When a parent, professional, or another person contacts the allocated social work team with concerns that a child is being sexually exploited, children’s social care will complete a SERAF and decide on the course of action within 24 hours.

Agencies with statutory child protection powers must, at all stages, consider whether the child may be in need of urgent action to secure his/her safety because of the risk to the child’s life or likelihood of serious harm.

The South West Child Protection Procedures (SWCPP) sets out the process which must be followed if there are concerns that a child is suffering or likely to suffer significant harm.  One of the ways in which a child could suffer significant harm is through sexual exploitation.

Consideration needs to be given as to whether there is reasonable cause to suspect that the child is suffering/ likely to suffer significant harm. If this is the case a strategy discussion between the statutory agencies must take place to consider whether the criteria for initiating a Section 47 inquiry are met. Consideration should also be given to consulting and including the commissioned specialist service.

A separate strategy discussion should be convened to consider the safeguarding needs of the perpetrator if they are under the age of 18. (For further information see section – When the perpetrator of CSE is under 18.)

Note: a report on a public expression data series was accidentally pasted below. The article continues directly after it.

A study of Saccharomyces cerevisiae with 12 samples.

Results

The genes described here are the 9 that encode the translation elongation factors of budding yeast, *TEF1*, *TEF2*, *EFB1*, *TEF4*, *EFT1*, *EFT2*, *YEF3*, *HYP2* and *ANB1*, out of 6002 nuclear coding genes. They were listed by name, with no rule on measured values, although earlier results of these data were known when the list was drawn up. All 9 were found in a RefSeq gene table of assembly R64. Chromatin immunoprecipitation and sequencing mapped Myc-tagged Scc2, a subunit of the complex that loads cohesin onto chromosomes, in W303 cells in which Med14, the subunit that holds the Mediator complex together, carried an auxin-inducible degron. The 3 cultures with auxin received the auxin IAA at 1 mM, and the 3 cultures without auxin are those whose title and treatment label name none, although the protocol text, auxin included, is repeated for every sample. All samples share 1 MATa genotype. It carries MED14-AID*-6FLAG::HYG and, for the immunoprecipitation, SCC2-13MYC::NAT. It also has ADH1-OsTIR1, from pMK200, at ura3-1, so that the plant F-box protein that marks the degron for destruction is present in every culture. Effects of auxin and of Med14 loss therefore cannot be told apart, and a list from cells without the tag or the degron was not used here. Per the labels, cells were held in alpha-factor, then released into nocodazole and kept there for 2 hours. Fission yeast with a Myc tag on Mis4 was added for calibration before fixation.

Any assessment of a child who may be/ has been sexually exploited must involve obtaining relevant information from professionals and others in contact with the child and family. It should include professionals who have expertise in working with children and young people involved in sexual exploitation.

The single assessment needs to ascertain:

  • is this a child in need? ( S17 of the Children Act 1989)
  • is there reasonable cause to suspect that this child is suffering, or is likely to likely to suffer significant harm? (S 47 of the Children Act 1989)
  • If there is reasonable cause to suspect a child is suffering or is likely to suffer significant harm at the end of section 47 enquiries the South West Child Protection Procedures must be adhered to. An ICPC must be convened in these circumstances including when the child is a looked after child.

Social workers should be particularly aware when undertaking single assessments of Unaccompanied Asylum Seeking Children (UASC) of the risk of sexual exploitation and child trafficking.